New Zealand’s Warren Gatland is the best non-South African coach in the world and his last dance with the British & Irish Lions in South Africa will determine when, not if, he takes charge of the All Blacks. writes Mark Keohane.
I believe that currently Rassie Erasmus sits a top the international coaching spectrum on the basis of the Springboks 2019 World Cup campaign and the manner in which he outthought England’s Eddie Jones in the World Cup final. I also have Jake White in the top bracket of global coaches, but when it comes to Test rugby, and those not aligned to the Springboks, for me it is and always has been Gatland for the past 10 years.
What was incredibly impressive about Gatland’s Lions in New Zealand in 2017, was how much stronger they got as the tour progressed and how strong they were in the third and final Test at Eden Park in Auckland, having taking a beating in the first Test at the same ground.
Factors played a hand in the Lions series comeback, but while the three-Test series was drawn one-all, Gatland was easily the winner over Steve Hansen. Gatland imposed the Lions way on the series, just like Erasmus’s game plan proved a master stroke against Jones’s England.
The Springboks biggest challenge in the World Cup play-offs proved the semi-final against Wales and it took a a Handre Pollard penalty a few minutes from the end to secure the 19-16 win. Gatland’s Wales previously had beaten Erasmus’s Boks twice in a year and before that had triumphed over Springbok teams coached by Heyneke Meyer and Allister Coetzee.
Gatland understands the mentality of the Springboks and has a belief in how to beat the Springboks, based on the success he has enjoyed with Wales, but the former Welsh coach won’t necessarily be able to immediately transfer that onto a Lions squad this is unlikely to be tested before the first Test against the Springboks at the Cape Town Stadium on July 24th.
Gatland’s Lions in New Zealand in 2017 played a near full-strength Blues team and lost, they ground out a 12-3 win against the Crusaders in what was dubbed a fourth Test match, dismantled a Maori team who arrived with wonderful backs and a pack who wanted to play like backs, and his team also had mighty games against the Highlanders and Hurricanes. By the time the Test series was played, Gatland’s men had been through a war in New Zealand and they were battle hardened.
The bio-bubble, enforced on the Springboks and the Lions because of the Covid pandemic situation in South Africa, means that none in the Springboks squad of 46 will be available to face Gatland’s Lions in the first four tour matches, which turns these match-ups into one-sided training runs. Expect the Lions to win comfortably and Gatland’s only concern to be potential injuries.
I have been consistent in calling a 3-0 series win to the Springboks and I have based this on my belief that he Springboks, player for player and as a unit, are a better team than the Lions, but if there is one person capable of turning this series on its head, it is Gatland because of his coaching pedigree.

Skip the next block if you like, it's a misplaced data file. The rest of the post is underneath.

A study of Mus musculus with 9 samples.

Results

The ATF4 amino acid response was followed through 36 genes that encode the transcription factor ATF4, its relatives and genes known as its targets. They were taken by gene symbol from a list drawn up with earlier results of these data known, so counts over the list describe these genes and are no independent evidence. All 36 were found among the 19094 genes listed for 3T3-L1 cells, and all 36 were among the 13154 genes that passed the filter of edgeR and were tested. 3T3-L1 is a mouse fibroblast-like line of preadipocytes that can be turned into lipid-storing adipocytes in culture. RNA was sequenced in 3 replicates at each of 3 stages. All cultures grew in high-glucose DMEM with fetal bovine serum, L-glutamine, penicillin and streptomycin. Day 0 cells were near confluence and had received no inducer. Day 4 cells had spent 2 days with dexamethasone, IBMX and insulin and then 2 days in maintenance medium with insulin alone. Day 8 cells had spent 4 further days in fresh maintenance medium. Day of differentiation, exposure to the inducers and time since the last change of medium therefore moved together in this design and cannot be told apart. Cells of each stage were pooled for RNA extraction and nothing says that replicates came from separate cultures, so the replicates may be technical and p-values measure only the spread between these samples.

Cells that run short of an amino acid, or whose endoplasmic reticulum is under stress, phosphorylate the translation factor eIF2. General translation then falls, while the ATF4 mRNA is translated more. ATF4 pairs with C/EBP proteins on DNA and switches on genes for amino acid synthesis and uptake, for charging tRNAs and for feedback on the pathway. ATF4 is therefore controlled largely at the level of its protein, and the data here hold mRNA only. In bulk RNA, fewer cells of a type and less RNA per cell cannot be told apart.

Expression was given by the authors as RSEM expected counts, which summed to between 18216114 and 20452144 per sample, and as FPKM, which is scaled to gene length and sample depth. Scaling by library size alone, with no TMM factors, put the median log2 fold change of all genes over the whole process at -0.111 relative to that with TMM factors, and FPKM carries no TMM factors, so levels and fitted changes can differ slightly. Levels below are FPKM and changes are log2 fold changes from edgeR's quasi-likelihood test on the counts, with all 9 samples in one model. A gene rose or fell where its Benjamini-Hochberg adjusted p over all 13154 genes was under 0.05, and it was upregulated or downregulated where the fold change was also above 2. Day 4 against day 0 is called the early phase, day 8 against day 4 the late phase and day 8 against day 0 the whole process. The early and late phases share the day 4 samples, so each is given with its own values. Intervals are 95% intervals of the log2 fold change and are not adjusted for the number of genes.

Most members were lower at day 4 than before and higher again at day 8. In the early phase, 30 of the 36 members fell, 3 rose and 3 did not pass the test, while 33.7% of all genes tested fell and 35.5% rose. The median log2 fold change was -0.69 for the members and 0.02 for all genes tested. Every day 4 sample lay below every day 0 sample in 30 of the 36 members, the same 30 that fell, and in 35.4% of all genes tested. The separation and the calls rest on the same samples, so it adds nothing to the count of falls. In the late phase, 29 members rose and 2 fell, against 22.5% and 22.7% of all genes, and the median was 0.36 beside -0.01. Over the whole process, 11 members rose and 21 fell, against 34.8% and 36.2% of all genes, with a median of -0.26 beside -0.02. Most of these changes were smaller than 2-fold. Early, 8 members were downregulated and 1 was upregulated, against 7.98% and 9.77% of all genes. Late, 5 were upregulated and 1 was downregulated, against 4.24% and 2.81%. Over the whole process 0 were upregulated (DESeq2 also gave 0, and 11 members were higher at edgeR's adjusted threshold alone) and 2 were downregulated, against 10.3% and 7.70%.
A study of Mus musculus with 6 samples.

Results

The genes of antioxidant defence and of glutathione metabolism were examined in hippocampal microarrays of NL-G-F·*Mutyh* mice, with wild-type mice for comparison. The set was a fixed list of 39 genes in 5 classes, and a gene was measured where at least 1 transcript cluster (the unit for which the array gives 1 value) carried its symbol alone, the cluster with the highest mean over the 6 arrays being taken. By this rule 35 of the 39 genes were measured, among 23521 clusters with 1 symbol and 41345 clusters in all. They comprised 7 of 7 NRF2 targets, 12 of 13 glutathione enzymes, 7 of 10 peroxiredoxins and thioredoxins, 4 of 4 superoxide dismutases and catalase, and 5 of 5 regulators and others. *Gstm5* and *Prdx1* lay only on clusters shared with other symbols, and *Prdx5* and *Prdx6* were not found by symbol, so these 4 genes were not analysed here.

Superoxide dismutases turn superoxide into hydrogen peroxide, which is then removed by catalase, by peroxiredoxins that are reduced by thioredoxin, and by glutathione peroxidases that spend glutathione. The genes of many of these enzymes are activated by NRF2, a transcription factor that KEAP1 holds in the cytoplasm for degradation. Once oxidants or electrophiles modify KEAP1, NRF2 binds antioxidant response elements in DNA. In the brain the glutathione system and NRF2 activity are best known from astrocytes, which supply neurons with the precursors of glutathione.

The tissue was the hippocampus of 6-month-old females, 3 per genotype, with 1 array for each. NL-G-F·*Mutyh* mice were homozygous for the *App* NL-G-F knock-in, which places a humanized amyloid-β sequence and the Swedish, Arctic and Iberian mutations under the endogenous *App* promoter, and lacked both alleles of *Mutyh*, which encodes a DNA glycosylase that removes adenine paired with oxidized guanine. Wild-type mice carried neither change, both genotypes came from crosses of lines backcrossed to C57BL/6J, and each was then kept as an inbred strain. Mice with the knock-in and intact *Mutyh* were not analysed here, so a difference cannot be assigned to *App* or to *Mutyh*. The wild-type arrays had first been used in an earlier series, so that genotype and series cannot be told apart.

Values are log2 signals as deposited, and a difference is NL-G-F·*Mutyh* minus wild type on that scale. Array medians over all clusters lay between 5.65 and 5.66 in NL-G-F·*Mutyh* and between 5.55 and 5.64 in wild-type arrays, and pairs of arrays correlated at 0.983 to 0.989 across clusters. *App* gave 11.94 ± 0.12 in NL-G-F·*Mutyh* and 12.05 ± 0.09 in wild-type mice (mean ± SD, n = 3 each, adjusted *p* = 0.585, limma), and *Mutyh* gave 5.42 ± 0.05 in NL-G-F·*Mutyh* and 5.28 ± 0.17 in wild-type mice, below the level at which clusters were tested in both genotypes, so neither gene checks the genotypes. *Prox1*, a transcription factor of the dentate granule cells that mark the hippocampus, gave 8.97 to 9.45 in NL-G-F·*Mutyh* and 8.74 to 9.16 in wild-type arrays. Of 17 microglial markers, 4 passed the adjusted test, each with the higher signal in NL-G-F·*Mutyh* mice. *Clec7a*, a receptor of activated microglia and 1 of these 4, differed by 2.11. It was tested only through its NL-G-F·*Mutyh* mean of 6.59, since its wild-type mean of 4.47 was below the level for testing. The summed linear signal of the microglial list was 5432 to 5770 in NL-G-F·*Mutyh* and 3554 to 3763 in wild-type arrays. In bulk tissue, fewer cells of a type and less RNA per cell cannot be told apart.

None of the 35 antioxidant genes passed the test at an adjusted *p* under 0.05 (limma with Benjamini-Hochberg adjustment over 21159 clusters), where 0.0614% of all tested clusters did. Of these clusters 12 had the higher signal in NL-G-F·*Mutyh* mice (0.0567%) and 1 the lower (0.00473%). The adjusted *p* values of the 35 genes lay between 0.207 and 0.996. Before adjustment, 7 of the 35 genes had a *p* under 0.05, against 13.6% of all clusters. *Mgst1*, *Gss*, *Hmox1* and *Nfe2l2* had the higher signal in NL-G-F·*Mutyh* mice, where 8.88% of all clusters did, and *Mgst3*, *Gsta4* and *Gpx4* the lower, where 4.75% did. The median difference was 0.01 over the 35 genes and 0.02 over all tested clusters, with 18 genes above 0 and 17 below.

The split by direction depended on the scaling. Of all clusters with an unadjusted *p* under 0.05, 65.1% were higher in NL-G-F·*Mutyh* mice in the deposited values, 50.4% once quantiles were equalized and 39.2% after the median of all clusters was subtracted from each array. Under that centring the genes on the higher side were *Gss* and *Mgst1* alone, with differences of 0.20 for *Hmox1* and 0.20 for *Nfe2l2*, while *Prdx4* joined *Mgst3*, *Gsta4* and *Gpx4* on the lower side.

I have been writing about Springbok and international rugby since 1992 and in my book ‘The Chosen 23’, I picked the Springbok match day squad who made the greatest impression on me between 1992 and 2019 and I also picked a World 23 of players, who I had seen play. I added my two favourites grounds for two fantasy matches, one in South Africa and one abroad, my two favourite referees, one South African and one international, and I picked a Springbok coach and a World 23 coach. Gatland was my unanimous choice as the international coach, ahead of Australia’s Rod Macqueen, England’s Sir Clive Woodward, Eddie Jones and the Kiwi World Cup-winning duo of Graham Henry and Steve Hansen.
Gatland transformed Welsh rugby and took them to two semi-finals in three World Cups and in the final year of a 12 year tenure, he guided Wales to number one in the world rankings.
I have the utmost respect for Gatland and I know that Erasmus shares a similar view of the qualities of Gatland’s coaching. Erasmus recently told the media that he and Gatland were not mates who would enjoy a braai together, but that there was no doubting the coaching skill and presence of Gatland.
I have been intrigued by Gatland’s choice of players for the tour, where I think he will lean heavily on the Welsh contingent who are so familiar with his coaching, and while he hasn’t picked any English players to start Saturday’s warm-up match against Japan at Murrayfield, I don’t envisage too many being in his preferred starting XV. The impressive lock Maro Itoje is a given and Owen Farrell will force is way into the starting XV, but for the rest there is a lot to be read in the choice of combinations for Saturday’s Test.
Erasmus and Nienaber know what to expect from Gatland’s Lions in the Test series and it will be very similar to what they took 78 minutes to break down in the semi-final in Japan.
That first Test on the 24th can’t come soon enough for me, but in the interim I am going to love the full-on action of the next month, be it the Lions whipping South Africa’s regional quartet or the Boks giving Georgia a bruising.